A cyclical bear market in equities acts as a catalyst for precious metals.

The non-static, changing correlation between precious metals and equities is something I've written about several times in the past few years. I last wrote about this in June in Epic Opportunity in the Gold Stocks. The mainstream is entirely oblivious to the fact that gold stocks (and precious metals) can have rip-roaring bull markets when equities are in a bear market. The precursor to this is two-fold: Precious metals are in a secular bull, and the correlation between the two has been negative for more than a year. The current negative correlation has been in place for more than two years, and now gold stocks have bottomed (in my view) and equities are looking toppy.

There are several examples of this negative correlation. Gold stocks soared from 1973-1974 when the S&P 500 (INDEXSP:INX) was cut in half. The same thing happened from 2000 to 2002. Also, gold stocks for over 18 months in 1977-1978 began a new cyclical bull market while the S&P 500 declined 19%. This scenario has happened three times: twice in the last bull market, and once in the current bull market.

Recent market action suggests that this negative correlation will continue, but in favor of precious metals and also hard assets. In the chart below, I plot the S&P 500, Market Vectors Gold Miners ETF (NYSEARCA:GDX), and CCI (commodities). Since the end of summer in 2011, there has been a clear negative correlation between equities and gold stocks, as well as between equities and commodities. The tide appears to be shifting as today GDX closed at a two-month high, while the S&P 500 closed at a two-month low. A few days ago, CCI closed at a two-and-a-half-month high.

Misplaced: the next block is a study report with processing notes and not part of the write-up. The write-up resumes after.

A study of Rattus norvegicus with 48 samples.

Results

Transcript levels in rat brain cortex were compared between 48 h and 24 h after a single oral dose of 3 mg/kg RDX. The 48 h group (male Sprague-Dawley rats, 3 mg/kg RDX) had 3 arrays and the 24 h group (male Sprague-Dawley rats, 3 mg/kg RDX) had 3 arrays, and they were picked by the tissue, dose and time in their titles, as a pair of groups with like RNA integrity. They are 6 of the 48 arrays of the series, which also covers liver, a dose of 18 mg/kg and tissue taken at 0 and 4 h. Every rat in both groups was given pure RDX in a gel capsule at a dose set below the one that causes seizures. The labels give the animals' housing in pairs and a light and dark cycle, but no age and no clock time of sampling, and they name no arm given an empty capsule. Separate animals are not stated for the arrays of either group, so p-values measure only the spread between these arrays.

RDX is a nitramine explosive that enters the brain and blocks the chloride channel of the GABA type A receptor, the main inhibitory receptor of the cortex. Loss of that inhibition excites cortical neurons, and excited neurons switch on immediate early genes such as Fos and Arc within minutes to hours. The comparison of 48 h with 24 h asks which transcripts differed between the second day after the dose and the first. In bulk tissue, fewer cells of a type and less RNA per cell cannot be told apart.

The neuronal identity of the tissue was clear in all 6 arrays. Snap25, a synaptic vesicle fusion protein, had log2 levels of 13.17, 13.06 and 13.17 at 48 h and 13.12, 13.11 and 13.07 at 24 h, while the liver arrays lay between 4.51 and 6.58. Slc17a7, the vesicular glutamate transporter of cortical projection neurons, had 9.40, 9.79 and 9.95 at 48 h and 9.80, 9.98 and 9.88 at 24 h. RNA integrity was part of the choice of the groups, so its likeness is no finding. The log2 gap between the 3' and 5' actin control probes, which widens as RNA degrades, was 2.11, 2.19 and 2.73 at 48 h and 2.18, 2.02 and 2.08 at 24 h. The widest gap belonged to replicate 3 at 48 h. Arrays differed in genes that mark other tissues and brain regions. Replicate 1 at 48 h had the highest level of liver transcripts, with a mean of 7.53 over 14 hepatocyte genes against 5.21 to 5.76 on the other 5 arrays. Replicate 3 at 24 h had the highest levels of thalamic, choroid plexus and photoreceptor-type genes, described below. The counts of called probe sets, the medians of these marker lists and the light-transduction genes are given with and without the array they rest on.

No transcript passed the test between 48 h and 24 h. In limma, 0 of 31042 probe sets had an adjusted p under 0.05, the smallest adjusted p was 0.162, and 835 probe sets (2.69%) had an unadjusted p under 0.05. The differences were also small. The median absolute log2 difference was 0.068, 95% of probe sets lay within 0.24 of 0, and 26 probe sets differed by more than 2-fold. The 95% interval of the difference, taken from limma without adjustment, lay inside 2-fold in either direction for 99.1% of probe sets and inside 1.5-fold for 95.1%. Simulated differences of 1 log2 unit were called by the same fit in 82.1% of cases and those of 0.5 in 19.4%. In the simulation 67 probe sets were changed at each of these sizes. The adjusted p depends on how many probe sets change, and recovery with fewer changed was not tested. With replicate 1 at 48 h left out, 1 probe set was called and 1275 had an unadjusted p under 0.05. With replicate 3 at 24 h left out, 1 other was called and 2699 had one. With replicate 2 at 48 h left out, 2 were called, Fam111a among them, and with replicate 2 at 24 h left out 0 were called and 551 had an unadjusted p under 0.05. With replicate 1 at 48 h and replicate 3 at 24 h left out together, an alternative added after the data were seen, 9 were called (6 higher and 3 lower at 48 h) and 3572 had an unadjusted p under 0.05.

This price action shouldn't come as a surprise as global markets and asset classes are ripe for a shift. The bull market in the S&P is already quite mature, while hard assets have been in a cyclical bear for nearly three years. Sentiment on equities (according to the Merrill Lynch fund manager survey, Investors Intelligence, and/or NAAIM data) has been extremely bullish, and in some cases, even more so than in 2007. Meanwhile, sentiment on bonds (which are also rallying), commodities, and precious metals has been extremely bearish since last summer, making these markets ripe for a strong reversal.

Keep an eye on the gold stocks, as they've been leading the metals and have a tendency to rebound substantially from important bottoms. The chart below shows that GDX is facing a confluence of trend line resistance here at $24. If GDX breaks to the upside then there is no major resistance until $30. That is another potential 25% upside. Your stop-out point could be support at $22.

Conventional thinking could lead you to believe that equity weakness would be a negative for precious metals. While that was the case in 2008, the negative correlation from 2011-2013 and recent price action suggest precious metals (and gold stocks in particular) will benefit from a bear market in equities. Gold stocks have already endured a multi-year bear market. Large-caps shed 65% while juniors lost 80%. Everyone has already sold out of precious metals and piled into US and developed market equities. However, we are seeing signs that the trend is shifting. Over the past month GDX is up 18%, and Market Vectors Junior Gold Miners ETF (NYSEARCA:GDXJ) is up 27%. As long as the 50-day moving averages hold, I expect continued gains in the coming weeks and months.

Editor's Note: See more from Jordan Roy-Byrne at The Daily Gold.